39.6% of the film
A hack screenwriter writes a screenplay for a former silent-film star who has faded into Hollywood obscurity.
What an impressive film, really. It’s done so well and with such a great directorial technique that it feels fresh and fascinating even today. Some might find it too cuckoo, but I think of it to be a delicious look inside Hollywood and a fascinating portrait of an aging crazy diva.
There are some iconic characters that would represent the world for any movie fan and Oscar fan in particular. There’s Scarlett, there’s Blanche and there’s definitely Norma Desmond. Unlike the previous two characters showing up in Oscar’s archive, Miss Desmond has the distinction of being an original character. It’s very possible that this legendary name wouldn’t have entered American culture with the same undying force had it not been for Gloria Swanson. She made it possible, also with the help of some terrific material.
Gloria Swanson plays Norma Desmond, a rich ex-silent-movie star, living an isolated life in a fantasy world. Her delusion borders insanity, as she strongly imagines her return to the screen in the leading role of Salome. She finds love interest in a screenplay writer with an agenda of his own and becomes his sponsor as she slowly continues to sink into madness. It’s a juicy role, yet difficult to play.
Do notice the limited screentime, which kind of surprised me. Truth is the film is more about the struggling writer, but she makes such a strong impression that you would hardly associate Sunset Blvd. with anyone other than Gloria Swanson/Norma Desmond. I will just limit myself in presenting what I liked where I think there were some issues or difficulties for me to fully digest the performance.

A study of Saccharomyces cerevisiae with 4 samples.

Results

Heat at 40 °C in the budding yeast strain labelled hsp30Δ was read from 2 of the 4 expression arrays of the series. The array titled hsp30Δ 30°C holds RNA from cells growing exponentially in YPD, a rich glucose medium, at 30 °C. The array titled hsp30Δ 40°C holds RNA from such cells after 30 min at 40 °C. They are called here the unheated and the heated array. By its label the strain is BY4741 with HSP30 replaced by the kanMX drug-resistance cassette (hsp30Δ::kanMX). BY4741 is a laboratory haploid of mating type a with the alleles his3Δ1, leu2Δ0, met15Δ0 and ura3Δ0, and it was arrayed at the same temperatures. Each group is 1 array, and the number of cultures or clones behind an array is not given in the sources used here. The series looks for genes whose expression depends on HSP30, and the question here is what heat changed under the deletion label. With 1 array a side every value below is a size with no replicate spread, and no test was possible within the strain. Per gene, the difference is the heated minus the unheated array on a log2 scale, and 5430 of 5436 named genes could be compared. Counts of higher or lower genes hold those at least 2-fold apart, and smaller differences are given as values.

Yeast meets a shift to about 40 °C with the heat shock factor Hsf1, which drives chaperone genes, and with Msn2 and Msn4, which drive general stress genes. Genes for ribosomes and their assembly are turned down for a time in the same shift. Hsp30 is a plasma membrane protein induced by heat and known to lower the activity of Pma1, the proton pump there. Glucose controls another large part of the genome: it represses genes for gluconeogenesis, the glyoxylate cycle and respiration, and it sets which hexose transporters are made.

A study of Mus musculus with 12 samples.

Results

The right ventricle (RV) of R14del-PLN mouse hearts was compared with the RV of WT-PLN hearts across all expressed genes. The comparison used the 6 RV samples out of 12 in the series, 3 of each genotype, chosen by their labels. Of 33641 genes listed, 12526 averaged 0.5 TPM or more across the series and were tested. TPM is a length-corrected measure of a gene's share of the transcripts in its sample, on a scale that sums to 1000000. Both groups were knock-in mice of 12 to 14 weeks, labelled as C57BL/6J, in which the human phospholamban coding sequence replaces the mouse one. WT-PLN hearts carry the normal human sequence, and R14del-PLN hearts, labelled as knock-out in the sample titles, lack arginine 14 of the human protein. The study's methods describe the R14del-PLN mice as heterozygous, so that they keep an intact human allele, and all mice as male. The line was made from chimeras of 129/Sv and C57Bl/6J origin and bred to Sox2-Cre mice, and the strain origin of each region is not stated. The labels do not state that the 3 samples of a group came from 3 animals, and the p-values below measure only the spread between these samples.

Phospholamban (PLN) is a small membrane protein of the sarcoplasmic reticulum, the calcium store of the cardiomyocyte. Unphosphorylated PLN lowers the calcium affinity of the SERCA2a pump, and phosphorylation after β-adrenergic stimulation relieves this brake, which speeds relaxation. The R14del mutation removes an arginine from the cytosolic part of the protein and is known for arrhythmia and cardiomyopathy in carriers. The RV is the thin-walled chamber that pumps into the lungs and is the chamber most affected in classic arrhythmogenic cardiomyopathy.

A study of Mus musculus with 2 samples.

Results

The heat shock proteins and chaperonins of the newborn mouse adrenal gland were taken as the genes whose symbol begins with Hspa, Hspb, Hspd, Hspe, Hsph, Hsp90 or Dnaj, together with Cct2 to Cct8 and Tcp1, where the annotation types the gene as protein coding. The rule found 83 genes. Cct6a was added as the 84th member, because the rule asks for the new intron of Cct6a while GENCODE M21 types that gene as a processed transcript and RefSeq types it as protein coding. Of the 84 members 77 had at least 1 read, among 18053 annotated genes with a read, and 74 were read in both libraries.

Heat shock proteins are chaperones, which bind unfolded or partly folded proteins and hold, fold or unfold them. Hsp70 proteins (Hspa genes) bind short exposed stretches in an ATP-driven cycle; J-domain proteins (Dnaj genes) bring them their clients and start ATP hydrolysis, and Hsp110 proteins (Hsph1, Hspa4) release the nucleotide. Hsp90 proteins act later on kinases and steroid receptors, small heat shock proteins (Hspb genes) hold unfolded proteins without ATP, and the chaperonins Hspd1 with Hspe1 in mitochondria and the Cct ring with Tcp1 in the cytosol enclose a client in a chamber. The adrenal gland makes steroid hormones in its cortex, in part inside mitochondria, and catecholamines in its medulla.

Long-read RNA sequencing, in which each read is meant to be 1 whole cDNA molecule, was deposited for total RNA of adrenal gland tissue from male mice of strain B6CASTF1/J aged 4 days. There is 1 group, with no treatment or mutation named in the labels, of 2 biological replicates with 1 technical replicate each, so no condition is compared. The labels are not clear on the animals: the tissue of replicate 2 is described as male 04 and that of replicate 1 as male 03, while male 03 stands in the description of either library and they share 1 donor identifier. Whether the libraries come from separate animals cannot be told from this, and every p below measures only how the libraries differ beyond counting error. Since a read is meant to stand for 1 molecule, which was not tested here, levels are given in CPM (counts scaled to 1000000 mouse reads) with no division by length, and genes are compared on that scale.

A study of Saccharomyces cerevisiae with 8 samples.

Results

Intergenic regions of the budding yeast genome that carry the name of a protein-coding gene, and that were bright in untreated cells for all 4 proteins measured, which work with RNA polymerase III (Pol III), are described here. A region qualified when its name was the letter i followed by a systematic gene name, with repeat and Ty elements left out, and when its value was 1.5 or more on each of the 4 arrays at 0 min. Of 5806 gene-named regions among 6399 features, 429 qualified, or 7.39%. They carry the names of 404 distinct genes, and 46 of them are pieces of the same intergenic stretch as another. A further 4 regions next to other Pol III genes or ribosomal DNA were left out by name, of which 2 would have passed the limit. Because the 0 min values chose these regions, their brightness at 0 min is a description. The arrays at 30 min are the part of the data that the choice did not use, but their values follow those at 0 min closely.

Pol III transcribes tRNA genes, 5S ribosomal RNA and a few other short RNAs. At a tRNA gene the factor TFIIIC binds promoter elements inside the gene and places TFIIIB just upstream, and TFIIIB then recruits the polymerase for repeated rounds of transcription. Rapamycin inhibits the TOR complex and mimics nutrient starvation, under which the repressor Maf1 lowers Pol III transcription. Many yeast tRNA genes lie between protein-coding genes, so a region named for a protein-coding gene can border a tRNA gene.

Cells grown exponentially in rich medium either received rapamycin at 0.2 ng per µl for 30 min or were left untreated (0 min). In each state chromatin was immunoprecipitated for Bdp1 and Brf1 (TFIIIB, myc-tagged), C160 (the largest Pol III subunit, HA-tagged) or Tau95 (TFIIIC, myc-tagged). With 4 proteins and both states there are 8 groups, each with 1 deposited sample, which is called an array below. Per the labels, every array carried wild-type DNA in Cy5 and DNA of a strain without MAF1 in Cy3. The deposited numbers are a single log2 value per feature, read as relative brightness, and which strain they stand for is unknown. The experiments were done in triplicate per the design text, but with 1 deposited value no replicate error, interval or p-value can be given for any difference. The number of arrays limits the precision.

I think Gloria’s best acted scenes are, hands down, the ones in which she acts most normal; eccentric, but not crazy. Her first scene, with the chimp burial and the Gilberts! the Valentinos!, is the best. She is fascinating to look at, but normal enough for me to understand the character and the human side of it.
Same with her scene visiting Paramount studios or her falling in love with this younger man. Even in her scenes of jealousy I could sense the sickness of this woman, how she was trying to fight it, but ultimately had to surrender. In all the scenes showing vulnerability, she stops being a caricature and becomes a relatable human being. I loved that about her and those scenes filled with weakness, arrogance were the most fun scenes for me.
But the screenplay demanded more from her and here’s where the crazy came in. At first, I didn’t react that entirely great to it: it seemed the-mother-of-all-theatrical and overacting. It looked like overcooked schizophrenia that makes a good film, but not a great performance. However, revisiting scenes over and over, I understand how truly unselfish Gloria is when playing Norma. She is sacrificing some credibility to get that extra-bump of memorable and history-making that the film demands.
Gloria is being pushed into overplaying it for the sake of the show and I have to get used to the idea that Gloria delivered exactly what the film required. Did I fully love her sacrifice? No. But she was carefully, memorably, precisely acting the script.
It’s a performance people will still be talking about 100 years from now. It shows modern audiences the 1950s perception of a 1920s movie star. Gloria Swanson is very good, but due to reasons mentioned here, I couldn’t fully love the performance. Strangely, it’s most recognized for the weird crazy scenes, but I loved the human, vulnerable moments. It was hard for me to choose between 4 and 5, but I’m going with , as I’m trying not to get influenced by the fact that people always expect you to worship this performance.